AI is set to revolutionize financial reporting and audit, with many financial reporting functions adopting AI and generative AI. KPMG has formed alliances with major tech companies to develop innovative AI solutions and is investing heavily in embedding AI capabilities throughout its business to transform the audit.
Despite the potential benefits of AI, there are still concerns regarding transparency and data privacy. To ensure ethical use of AI, a system of quality control that combines human engagement and powerful AI models must be implemented. Financial reporting leaders believe that external auditors should take the lead in deploying AI responsibly and addressing the biggest risks.
Building on a solid foundation, financial reporting functions will accelerate the adoption of both AI and Gen AI.
Financial reporting functions are accelerating the adoption of AI and generative AI, with 65% of financial reporting leaders reporting their functions are using AI and nearly half (49%) having already piloted or deployed generative AI solutions. Additionally, 71% expect AI to be used extensively in the next three years.
While generative AI is a key priority among leaders, cloud migration, data & analytics, and robotic process automation are the top priorities today.
Financial reporting leaders expect AI to bring many benefits, including increased efficiency, more accurate and reliable data, and better detection of outliers. However, they are cautious about the hype with concerns center on the transparency of models (33%) and data privacy (32%).
72% of financial reporting leaders believe external auditors are ahead of financial reporting functions on using AI and expect AI to enhance audit quality.
Financial reporting leaders expect auditors to use AI to ask the right questions and challenge, conduct data analysis, and find new risks/anomalies.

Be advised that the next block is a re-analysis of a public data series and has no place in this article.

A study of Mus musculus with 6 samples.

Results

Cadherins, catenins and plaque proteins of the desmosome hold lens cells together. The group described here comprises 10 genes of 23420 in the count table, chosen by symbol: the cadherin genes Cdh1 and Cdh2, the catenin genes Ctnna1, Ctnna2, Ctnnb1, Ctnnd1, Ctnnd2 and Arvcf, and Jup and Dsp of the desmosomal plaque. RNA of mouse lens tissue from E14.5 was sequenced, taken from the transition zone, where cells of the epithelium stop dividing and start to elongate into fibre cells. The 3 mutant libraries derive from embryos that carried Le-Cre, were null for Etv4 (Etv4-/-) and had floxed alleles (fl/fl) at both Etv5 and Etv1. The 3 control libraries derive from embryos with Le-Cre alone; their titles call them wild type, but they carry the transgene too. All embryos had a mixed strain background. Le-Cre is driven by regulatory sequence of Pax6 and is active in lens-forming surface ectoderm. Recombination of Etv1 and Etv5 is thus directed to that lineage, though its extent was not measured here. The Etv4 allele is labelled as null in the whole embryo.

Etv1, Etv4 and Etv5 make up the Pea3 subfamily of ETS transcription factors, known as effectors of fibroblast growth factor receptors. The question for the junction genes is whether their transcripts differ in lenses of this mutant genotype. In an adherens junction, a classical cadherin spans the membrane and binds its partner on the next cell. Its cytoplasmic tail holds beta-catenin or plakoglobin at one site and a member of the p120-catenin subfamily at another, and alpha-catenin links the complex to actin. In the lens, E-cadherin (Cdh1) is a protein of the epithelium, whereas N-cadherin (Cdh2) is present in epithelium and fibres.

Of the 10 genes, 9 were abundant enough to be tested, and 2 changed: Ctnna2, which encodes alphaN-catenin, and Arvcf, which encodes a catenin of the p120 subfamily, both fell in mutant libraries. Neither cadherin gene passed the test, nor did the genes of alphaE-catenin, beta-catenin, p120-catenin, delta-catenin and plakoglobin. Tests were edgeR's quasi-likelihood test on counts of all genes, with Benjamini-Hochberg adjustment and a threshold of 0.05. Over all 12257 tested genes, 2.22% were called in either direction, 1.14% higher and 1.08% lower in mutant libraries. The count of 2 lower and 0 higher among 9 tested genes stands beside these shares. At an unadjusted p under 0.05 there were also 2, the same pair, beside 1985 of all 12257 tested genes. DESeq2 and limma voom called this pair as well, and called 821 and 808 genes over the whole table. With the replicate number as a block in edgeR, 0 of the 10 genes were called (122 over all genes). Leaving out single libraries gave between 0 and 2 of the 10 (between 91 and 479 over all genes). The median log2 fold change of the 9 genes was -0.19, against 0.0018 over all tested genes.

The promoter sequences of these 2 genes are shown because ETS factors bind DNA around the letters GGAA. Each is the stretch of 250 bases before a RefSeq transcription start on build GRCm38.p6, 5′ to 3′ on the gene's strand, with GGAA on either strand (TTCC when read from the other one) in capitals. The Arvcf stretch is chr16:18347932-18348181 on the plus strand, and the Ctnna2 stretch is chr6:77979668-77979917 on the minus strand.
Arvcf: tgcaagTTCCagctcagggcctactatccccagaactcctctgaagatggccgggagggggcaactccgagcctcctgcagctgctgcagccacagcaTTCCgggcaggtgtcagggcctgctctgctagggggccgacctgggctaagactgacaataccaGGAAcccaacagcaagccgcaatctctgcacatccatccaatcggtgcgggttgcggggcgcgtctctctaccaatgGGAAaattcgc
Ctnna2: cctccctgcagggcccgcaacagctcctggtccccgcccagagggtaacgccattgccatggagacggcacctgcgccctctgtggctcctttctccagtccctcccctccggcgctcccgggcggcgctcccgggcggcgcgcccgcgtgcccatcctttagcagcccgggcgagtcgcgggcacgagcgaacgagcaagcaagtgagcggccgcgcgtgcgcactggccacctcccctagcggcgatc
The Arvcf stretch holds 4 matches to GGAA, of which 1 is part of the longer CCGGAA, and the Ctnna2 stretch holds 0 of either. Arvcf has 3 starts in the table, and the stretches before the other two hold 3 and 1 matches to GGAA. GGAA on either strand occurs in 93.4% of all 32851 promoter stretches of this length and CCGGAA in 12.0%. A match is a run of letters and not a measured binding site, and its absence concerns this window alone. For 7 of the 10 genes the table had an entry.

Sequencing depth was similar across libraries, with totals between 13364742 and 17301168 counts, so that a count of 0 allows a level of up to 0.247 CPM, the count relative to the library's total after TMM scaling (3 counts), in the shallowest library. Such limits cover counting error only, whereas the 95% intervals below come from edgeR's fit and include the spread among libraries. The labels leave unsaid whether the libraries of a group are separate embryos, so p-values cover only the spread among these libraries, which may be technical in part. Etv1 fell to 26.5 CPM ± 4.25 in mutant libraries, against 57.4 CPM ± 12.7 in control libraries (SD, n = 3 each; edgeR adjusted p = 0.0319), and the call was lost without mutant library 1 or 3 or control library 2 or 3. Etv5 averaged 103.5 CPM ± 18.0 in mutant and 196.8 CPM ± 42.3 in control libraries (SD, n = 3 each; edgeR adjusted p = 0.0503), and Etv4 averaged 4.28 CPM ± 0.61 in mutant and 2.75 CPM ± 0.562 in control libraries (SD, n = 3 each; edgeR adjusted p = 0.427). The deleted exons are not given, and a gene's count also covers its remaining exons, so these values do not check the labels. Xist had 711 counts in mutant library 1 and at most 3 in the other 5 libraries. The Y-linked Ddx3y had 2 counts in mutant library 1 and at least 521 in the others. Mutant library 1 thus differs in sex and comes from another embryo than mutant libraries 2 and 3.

The adoption of AI is hindered by concerns about the reliance on algorithms, changing regulatory guidelines, and data quality. Financial reporting leaders believe that auditors should evaluate their use of AI by conducting third-party attestation (29%) or detailed reviews of control environments (36%).
“Financial reporting leaders, but also investors, regulators, and other stakeholders in the capital markets expect AI to drive audit quality. They also expect auditors to understand and evaluate processes and controls, analyze transaction-level data for anomalies, and test more data in real-time,” said Scott Flynn, KPMG Vice Chair, Audit. “Considering both the scope and scale of AI’s impact on financial reporting, enhancing audit quality by using technology to stay ahead of emerging risks is expected.”
While AI anxiety among the workforce is commonly discussed, financial reporting leaders expect a boon to talent and diversity.
In fact, 52% expect AI to attract more talent to financial reporting roles and by a 6-to-1 margin, they believe AI will positively affect diversity, equity, and inclusion.
Auditors must lead in deploying AI responsibly, engage all stakeholders in the capital markets on best practices, and bring experts together to tackle the biggest risks.
However, ethical use of AI is not as simple as raising awareness or prescribing best practices. The use of AI must be governed by a system of quality control that elevates the role of deep human engagement and supervision.
Added Flynn, “As auditors, we must lead in deploying AI responsibly. At KPMG, we’ve already deployed AI solutions through Mindbridge on roughly 3,000 audits globally, and after a multi-month pilot, we have deployed more than 100 Audit Chat prompts on a KPMG GenAI tool leveraging KPMG’s audit methodology to enhance audit performance, documentation, and review across a variety of audit tasks. We expect to expand these efforts, further embedding AI into KPMG Clara – our global smart audit platform – to improve how we engage with company data, assess risks, and test.”
AI in Financial Reporting and the Audit was conducted between July 24 – August 4, 2023, and was fielded among more than 200 financial reporting business decision markers in the U.S who have authority or oversight for financial reporting, accounting, analysis, audits, and financial information.